Filmmaker Anthony Williams was all smiles at his North Carolina red carpet premiere of his independent film project “Thicker Than Blood” on Feb. 1 at The Cary Theatre, 122 E. Chatham St. In fact, the first screening was sold out in the two-screenings event.

Produced in North Carolina by Second Glance Productions and the North Carolina Health Equity Group (NCHEG), the film tells the story of Jordan, a gay man raised in a homophobic household, who returns home for the first time in three years to celebrate his older brother’s promotion to partnership in a prestigious law firm. Unfortunately, during the festivities “secrets are revealed, masks are uncovered and some things are said that just can’t be taken back,” Williams shared. The family is tasked with trying to figure out how to pick up the pieces and put them back together before losing each other forever.

Filmmaker Anthony Williams.
Photo Credit: Shelly Booker Photography, LLC

Williams shared that the premiere “went above and beyond our expectations. The audience laughed in all the right places, felt all the emotions and could relate or sympathize with what was happening on the screen. As a filmmaker, sitting back and watching the audience and feeling their energy and love was more than I could ever ask for.”

Audience members felt the film was compelling, relatable and made them laugh, cry and connect with the characters, from comments made to Williams afterward.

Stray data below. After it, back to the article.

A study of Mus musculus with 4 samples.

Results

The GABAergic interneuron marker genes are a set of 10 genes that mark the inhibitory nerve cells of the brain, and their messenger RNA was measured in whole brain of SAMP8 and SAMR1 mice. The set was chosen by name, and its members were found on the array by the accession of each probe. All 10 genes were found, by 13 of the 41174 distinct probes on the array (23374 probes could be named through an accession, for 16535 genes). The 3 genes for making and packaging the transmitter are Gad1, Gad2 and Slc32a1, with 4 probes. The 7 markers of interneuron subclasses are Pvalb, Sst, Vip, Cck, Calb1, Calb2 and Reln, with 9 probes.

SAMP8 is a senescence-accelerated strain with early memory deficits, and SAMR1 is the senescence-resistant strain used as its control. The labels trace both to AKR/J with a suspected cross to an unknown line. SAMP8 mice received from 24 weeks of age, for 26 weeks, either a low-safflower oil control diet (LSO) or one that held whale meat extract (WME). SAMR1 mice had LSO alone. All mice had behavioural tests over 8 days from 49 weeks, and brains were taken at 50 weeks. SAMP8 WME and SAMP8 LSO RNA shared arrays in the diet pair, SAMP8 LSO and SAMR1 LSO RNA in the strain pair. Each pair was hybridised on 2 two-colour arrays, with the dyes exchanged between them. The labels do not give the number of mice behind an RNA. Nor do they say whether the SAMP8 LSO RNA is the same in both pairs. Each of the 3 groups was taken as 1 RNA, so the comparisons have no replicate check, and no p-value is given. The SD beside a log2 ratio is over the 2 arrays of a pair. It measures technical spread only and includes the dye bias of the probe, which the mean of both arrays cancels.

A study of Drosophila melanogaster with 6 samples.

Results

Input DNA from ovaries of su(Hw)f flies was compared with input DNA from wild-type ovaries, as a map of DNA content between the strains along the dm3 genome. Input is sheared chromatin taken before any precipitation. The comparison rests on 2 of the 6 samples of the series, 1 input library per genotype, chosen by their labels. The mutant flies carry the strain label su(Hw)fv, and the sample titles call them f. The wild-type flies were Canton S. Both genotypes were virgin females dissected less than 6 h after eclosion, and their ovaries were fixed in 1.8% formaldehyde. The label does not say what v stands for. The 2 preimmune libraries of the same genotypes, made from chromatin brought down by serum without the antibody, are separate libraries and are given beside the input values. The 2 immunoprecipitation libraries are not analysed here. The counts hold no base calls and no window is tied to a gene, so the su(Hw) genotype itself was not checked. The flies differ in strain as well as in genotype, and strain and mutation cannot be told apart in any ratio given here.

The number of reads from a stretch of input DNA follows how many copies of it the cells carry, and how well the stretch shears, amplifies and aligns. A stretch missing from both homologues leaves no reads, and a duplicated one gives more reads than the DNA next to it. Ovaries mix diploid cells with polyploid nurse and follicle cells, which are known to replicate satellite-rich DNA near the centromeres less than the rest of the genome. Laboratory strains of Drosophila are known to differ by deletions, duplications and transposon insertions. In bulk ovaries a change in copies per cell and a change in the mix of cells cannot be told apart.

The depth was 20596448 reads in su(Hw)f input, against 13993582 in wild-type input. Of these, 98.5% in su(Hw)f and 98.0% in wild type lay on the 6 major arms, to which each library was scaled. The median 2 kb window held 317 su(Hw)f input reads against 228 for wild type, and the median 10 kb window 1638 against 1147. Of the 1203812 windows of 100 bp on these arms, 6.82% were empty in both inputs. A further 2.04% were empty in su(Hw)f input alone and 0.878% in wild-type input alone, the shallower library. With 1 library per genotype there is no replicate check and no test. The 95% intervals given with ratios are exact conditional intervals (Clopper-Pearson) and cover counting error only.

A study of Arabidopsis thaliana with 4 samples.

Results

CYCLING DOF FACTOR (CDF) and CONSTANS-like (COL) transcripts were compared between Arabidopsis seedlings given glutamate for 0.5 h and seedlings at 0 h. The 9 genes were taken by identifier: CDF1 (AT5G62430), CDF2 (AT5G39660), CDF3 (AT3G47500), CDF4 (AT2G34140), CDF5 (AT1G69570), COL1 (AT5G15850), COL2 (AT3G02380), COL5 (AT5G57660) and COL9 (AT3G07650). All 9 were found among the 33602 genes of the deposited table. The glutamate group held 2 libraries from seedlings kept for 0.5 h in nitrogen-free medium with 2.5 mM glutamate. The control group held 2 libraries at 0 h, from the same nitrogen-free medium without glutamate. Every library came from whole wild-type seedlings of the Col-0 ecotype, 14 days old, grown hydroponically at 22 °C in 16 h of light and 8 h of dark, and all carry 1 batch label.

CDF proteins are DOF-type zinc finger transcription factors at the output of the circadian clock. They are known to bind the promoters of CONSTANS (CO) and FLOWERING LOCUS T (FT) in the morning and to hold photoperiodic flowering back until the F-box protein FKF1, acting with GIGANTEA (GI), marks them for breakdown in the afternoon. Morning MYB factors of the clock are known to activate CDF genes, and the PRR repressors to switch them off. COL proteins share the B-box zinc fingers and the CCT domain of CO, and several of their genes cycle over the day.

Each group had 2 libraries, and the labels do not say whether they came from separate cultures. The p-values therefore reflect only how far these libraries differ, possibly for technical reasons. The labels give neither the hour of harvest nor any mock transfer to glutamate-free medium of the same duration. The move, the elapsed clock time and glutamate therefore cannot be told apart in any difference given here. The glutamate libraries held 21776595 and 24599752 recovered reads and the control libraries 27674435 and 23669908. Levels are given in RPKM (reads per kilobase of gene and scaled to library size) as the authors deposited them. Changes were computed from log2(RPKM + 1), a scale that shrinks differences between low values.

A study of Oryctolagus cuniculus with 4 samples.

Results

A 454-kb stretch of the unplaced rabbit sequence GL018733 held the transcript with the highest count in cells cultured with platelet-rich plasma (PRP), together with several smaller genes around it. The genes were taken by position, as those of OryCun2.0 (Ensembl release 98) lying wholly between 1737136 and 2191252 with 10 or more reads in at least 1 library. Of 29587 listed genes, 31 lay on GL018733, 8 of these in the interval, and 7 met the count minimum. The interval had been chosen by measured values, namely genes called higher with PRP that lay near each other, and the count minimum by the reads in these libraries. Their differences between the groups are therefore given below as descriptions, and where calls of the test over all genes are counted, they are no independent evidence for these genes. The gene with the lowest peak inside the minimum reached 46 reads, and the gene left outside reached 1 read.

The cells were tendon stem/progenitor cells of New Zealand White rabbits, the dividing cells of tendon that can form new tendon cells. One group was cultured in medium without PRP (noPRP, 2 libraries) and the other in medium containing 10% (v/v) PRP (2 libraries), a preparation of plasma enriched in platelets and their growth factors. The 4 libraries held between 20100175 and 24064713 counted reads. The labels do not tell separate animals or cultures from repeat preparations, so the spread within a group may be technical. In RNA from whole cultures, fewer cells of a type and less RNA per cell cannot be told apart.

“Thicker Than Blood” stars Atlanta, Ga. natives Kevin Boles, Jr. as Jordan and Tony Bravado as brother Richard, Charlottean Thom McKinney as Richard, Sr. (the father), Christina Smith who hails from Spartanburg, S.C. as Marilyn (the mother), Raleigh, N.C. natives Destiny Diamond McNeill as Selena (Richard’s girlfriend) and Florencio Martinez as Cameron (Jordan’s boyfriend).

“Highlighting the stigma and challenges of living with HIV, as well as the often hidden intolerance of LGBTQ members in the Black/African-American community, ‘Thicker Than Blood’ raises thought in the mind and strikes an emotional chord in the heart,” he added.

Screenings are planned across the state from Feb. 6-8 and 19 as a way to celebrate National Black HIV Awareness Day. They are free and open to the public.

Locations and times are: Greensboro, N.C., Feb. 6,  11 a.m., Higher Ground, 210 E. Bessemer Ave.; Winston-Salem, N.C., Feb. 7, 5 p.m., Winston Salem State University, Thompson Center, 601 S. Martin Luther King Jr. Dr.; Charlotte, N.C., Feb.. 7, 6 p.m. social, 7 p.m. screening, BTAN Charlotte, Johnson C. Smith University, New Science Center, 100 Beatties Ford Rd.; Durham, N.C., Feb. 7, 6:30 p.m., ReCity Durham, 112 Broadway St.; Fayetteville, N.C., Feb. 7, 7 p.m., E.E. Smith Recreation Center, 1520 Slater Ave.; Raleigh, N.C., Feb. 7, 7 p.m., Wake County Commons Bldg., 4011 Carya Dr.; Winston-Salem, N.C., Feb. 8, 7:30 p.m., Wake Forest University, Wingate Hall, Lower Auditorium, 1834 Wake Forest Rd.; and Greenville, N.C., Feb. 19, 3:15 p.m., East Carolina Hendrix Theater, Mendenhall Student Center, E. 5th St.

A few cast members will be in attendance at certain screenings to participate in a Q&A session and answer any questions from the audience. Free HIV testing will also be available on site at selected screening locations.


Lainey Millen was formerly QNotes' associate editor, special assignments writer, N.C. and U.S./World News Notes columnist and production director from 2001-2019 when she retired.